Customers often have great difficulty containing their emotions so it is important that we don’t add our own into the mix. When people’s anger erupts, they have used up their internal resources to solve the problem so they are projecting their emotions outwards to see if someone else can solve the problem.

At this point staff tend to make one or more of the following mistakes: They focus on trying to justify their position (‘The reason we did that is…’); or they tell the customer that they should not feel the way they do (‘There is no need to be upset!’); or they attempt to defend themselves and shift responsibility (‘If you had let us know sooner…’). It is debatable whether these strategies would ever work, but they are definitely not going to at the beginning of an angry conversation.

People in an angry state of mind tend not to be able to distinguish between physical and psychological attacks. Some customers react to a penalty charge on their bank account as if they have been kicked on the backside. They feel under attack and it is that mental state we have to deal with before trying to reason with them or explain your point of view.

Our first task is to assist the customer in accessing their own internal recourses – mainly their ability to think. Admittedly this may not be an easy task at a time when our own emotions are doing Olympic standard somersaults. So the goal is to buy time to enable our own thought processes to move from ‘reacting’ to thinking. Anger feeds on speedy responses where both parties are in a reactive state therefore we need to try to break that negative cycle. Take a breath and if it’s appropriate ask the customer for a moment for you to consider what they have said. You could also attempt to buy time by taking a ‘micro break’, such as asking if they would mind if you got a notepad to take down some details (the old ones are the best!). Note the basic rule for managing conflict – if your heart it pounding, disengage your mouth!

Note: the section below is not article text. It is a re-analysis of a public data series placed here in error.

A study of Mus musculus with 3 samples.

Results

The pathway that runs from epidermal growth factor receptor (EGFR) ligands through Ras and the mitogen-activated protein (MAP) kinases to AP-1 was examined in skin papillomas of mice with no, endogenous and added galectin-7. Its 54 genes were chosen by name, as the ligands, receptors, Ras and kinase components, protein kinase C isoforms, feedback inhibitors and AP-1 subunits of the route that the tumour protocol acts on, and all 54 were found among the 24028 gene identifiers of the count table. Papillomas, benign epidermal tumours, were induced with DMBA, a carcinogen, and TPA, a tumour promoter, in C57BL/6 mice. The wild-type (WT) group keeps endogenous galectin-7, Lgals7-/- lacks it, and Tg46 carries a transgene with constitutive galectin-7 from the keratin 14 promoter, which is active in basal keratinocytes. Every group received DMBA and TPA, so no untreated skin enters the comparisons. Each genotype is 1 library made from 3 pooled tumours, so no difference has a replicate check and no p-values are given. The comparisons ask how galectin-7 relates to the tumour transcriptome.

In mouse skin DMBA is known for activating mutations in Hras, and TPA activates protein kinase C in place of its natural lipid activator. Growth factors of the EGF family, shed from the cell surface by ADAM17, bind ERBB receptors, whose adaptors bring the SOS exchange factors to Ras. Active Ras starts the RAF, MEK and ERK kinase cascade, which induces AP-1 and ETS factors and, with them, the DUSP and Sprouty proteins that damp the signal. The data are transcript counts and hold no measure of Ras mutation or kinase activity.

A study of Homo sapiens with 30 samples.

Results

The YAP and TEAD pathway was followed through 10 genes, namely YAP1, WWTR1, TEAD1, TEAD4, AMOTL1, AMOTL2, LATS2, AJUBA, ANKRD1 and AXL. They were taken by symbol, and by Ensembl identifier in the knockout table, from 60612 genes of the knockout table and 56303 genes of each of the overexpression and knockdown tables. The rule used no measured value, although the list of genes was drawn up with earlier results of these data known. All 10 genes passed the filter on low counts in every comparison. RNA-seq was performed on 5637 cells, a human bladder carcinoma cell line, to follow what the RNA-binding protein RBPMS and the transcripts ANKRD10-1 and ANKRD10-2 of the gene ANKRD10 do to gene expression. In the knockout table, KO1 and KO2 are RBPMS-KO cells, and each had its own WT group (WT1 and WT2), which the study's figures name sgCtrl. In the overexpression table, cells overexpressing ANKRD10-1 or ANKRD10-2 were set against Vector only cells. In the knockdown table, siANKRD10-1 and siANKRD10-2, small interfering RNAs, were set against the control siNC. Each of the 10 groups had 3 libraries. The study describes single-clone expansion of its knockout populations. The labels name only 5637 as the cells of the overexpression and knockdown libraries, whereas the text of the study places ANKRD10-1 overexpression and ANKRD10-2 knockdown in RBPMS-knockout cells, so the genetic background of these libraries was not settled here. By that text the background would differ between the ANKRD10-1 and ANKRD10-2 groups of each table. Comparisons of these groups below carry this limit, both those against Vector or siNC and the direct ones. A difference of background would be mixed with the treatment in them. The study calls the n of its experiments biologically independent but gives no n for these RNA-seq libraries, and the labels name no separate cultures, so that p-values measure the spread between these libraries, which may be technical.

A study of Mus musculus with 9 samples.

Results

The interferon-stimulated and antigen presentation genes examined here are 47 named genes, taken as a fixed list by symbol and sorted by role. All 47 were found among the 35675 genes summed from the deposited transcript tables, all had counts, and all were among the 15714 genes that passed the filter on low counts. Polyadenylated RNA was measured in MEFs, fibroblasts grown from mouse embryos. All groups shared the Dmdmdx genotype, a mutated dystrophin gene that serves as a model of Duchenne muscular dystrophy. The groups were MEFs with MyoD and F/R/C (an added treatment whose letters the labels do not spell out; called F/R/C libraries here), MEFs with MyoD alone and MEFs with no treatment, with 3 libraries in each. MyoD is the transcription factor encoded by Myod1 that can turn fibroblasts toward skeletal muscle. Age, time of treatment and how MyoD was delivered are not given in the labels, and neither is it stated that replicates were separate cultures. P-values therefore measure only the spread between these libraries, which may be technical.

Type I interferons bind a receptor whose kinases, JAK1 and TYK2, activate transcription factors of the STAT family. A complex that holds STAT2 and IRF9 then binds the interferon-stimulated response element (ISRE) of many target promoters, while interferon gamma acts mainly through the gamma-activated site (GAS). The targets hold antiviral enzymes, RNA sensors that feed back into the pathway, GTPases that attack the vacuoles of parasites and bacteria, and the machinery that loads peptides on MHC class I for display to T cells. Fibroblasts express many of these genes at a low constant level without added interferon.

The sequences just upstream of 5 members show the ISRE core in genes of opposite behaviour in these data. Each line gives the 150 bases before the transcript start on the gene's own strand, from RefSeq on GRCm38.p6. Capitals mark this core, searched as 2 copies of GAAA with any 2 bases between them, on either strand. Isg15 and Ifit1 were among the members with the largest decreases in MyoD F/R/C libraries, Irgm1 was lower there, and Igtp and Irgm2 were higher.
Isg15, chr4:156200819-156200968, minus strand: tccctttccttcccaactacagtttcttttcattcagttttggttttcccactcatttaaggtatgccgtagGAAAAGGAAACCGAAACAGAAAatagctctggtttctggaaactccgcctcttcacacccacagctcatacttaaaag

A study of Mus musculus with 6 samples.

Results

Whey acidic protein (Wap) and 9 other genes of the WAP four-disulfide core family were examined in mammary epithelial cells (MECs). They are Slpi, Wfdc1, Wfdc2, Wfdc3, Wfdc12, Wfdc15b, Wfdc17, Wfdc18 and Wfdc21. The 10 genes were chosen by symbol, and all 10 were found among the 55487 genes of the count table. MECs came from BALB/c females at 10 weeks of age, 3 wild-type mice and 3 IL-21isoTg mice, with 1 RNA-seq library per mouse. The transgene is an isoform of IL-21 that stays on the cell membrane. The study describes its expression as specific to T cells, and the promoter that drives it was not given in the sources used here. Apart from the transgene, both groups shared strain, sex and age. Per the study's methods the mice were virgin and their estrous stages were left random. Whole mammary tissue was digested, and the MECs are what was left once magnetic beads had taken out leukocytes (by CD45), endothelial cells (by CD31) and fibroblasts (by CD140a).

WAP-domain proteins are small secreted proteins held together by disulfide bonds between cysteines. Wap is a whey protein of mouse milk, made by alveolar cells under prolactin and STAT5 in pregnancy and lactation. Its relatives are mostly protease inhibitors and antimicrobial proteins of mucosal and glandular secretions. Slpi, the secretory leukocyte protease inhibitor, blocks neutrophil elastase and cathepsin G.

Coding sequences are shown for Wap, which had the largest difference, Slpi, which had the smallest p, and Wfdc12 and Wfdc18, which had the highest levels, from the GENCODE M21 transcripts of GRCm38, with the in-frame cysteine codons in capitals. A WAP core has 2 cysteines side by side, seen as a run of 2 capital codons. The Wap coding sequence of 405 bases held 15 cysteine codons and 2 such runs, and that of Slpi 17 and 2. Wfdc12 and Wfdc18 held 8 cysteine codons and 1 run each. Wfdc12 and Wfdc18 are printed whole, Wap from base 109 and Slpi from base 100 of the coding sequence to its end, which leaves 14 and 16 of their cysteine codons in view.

Above all else you must reach a point where you are asking the questions and they are answering. In this way you are getting them to vent their emotions in a more controlled manner. They are going to accept very little of what you say until they have gone through a process of releasing their pent up emotions.

Unless you have the power to give the customer exactly what they want straight away (‘I will refund the charge now’), we suggest you work on some creative questions. The first 5 to 10 seconds are crucial. If you use some questions to get the customer to talk, you have a chance of making them think.